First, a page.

To those of you who haven’t read my profile on the WCC website, I thought I would provide a brief introduction so you aren’t taken aback when Shane’s words are supplanted by an unfamiliar tone. I am Christianna Barnard, the 2014-2015 Westminster Choir blogger. I am a senior Sacred Music major, and this year marks my third with Westminster Choir. I am thrilled to be given the opportunity to take you into the inner mechanisms of life as a Westminster Choir member, as choral singing and writing are two of my greatest joys in life.
If you are a choir devotee, you might recognize me for my work at Spoleto as an inept barmaid and crazy-lady-in-hospital-gown #13 in the 2013 production of Le Villi, the person in a green cardigan who had to keep running into the center of huddles in El Niño because the color was distracting, or for my work as the distinguished Movie Mastress* on our tour of Texas and Oklahoma.
Choral Hearings & Callbacks
In addition to introducing myself, it seemed fitting to explain the process of how each year’s Westminster Choir is chosen. For those of you who are unfamiliar with the Westminster tradition known as choral hearings, I will provide you with a seasoned-warrior’s perspective. Every student who sings in an academic choir partakes in a five minute long hearing before the school year begins. The highly caffeinated choral conducting faculty has the pleasure of braving up to 12-hour long stretches of these auditions, each of which consists of three parts: a song of the student’s choice, the sight-reading of a brief excerpt of music, and a test of tonal memory, in which the student repeats several sequences of notes played by the accompanist.
The results of choral hearings determine students’ eligibility for callbacks to the many auditioned ensembles at Westminster. Given the importance of ensembles in the lives of Westminster students, it would be feasible for the choral hearing and callback season to devolve into competition-fueled madness. However, the opposite is true. An air of mutual support and camaraderie is evident throughout campus during this hectic time. At our unique and wonderful institution, we are taught to invest equal care in our relationships with one another as we do our choral sound.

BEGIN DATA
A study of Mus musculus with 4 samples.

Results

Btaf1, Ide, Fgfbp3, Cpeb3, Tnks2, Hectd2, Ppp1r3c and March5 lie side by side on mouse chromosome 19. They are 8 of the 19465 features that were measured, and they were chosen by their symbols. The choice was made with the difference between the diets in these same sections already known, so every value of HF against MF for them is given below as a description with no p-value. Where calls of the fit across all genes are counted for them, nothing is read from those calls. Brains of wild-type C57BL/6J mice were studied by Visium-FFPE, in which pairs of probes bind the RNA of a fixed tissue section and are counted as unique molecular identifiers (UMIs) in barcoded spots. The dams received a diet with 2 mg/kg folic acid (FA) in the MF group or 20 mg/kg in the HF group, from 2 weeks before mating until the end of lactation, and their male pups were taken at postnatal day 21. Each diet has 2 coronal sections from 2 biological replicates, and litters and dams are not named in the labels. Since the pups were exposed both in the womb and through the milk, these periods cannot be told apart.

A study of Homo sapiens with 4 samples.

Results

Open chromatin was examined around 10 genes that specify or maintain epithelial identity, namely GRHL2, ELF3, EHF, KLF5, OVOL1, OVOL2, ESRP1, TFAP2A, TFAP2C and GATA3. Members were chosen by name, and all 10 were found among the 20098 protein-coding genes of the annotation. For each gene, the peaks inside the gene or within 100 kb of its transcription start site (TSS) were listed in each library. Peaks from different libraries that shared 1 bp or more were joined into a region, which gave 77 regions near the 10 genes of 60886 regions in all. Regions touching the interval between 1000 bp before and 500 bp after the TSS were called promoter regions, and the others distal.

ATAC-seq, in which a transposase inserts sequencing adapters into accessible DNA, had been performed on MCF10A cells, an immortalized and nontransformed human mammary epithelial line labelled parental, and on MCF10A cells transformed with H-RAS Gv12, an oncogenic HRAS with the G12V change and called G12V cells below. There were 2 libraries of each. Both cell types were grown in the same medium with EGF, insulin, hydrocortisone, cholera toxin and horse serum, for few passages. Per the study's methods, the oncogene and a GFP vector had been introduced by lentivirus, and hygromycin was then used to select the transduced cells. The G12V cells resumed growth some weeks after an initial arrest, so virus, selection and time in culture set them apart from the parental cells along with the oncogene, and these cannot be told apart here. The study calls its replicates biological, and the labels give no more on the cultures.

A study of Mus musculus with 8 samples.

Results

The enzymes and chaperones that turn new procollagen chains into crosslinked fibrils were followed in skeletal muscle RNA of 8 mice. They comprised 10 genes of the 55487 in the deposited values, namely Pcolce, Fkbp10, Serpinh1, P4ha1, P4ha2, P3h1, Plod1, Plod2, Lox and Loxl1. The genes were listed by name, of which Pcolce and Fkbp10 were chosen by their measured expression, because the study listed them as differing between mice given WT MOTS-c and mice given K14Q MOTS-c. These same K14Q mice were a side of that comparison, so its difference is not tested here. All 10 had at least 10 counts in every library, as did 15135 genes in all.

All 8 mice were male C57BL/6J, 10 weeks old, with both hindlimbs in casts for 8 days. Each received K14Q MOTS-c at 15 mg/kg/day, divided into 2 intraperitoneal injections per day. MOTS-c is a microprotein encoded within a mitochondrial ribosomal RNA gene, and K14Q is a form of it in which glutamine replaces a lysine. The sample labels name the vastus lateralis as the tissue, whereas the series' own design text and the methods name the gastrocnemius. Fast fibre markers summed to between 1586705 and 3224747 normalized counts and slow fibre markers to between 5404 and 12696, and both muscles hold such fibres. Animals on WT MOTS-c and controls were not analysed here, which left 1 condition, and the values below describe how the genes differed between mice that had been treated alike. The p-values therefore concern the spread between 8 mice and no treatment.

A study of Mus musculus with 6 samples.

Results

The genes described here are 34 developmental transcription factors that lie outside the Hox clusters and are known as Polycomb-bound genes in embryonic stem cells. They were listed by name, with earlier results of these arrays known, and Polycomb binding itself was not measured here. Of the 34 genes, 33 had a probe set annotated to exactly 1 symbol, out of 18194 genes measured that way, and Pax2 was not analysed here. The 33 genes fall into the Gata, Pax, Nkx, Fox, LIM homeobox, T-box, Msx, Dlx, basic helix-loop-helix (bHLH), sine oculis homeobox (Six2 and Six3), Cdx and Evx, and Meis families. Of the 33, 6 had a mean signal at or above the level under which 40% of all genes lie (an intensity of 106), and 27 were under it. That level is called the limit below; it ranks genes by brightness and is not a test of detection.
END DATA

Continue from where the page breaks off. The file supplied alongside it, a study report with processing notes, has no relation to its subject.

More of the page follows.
Callbacks for Westminster Choir always occur shortly after Fall Convocation. This year’s Convocation was a historic one, as it marked the first use of Hillman Hall in the Marion Buckelew Cullen Center—an incredible state-of-the-art performance and rehearsal space that has been decades in coming. The new hall is indeed beautiful, and it is made even more so when filled with the glorious sounds of the entire student body joined together in song.
The callback itself took place in The Playhouse, Westminster Choir’s traditional home. For me, callbacks are deceptively enjoyable. First, we are presented with a Renaissance anthem. After this, we are voiced within the choir, and then Dr. Miller splits us into quartets. These smaller groups rehearse for a brief period of time, and then return for the quartet test, during which each quartet performs a portion of the song for Dr. Miller and the other auditionees. Having been tested early on in the process, I was free to simply revel in the beauty of the music. An outside observer would never be able to tell that this piece had been given to the singers only about half an hour earlier. The level of musicianship, attention to detail, and quality of performance was astounding. I certainly did not envy the difficult decisions Dr. Miller would have to make to determine the makeup of this year’s choir.
And then, the waiting game. A few hours later, the list is posted on the top floor of Williamson Hall and is met with rejoicing by some, and disappointment by others. After some much deserved sleep, the new choir comes together for the first time as Westminster Choir on the first day of classes.
During our first rehearsal, we introduce ourselves and always include an interesting fact about ourselves. This year’s choir includes several members from as far away as Japan and Hong Kong, two former nationally ranked athletes, and an internationally ranked video game player (I, sadly, am none of the above). After this follows the long-anticipated revelation of this year’s calendar and tour program. The theme of this year’s tour program is “The Invention of Love,” and it features music about invention, astronomy, and all forms of love from passionate to the divine. As we explore this music and more as a choir, I will be bringing you my thoughts on this experience. It’s a joy to be heading into this year’s adventure, and I am honored to be able to share it with you.
*Mastress is antiquated term that functions as the female equivalent of master. Basically, it just means that I got to count votes when we were selecting a film for movie time on the tour bus.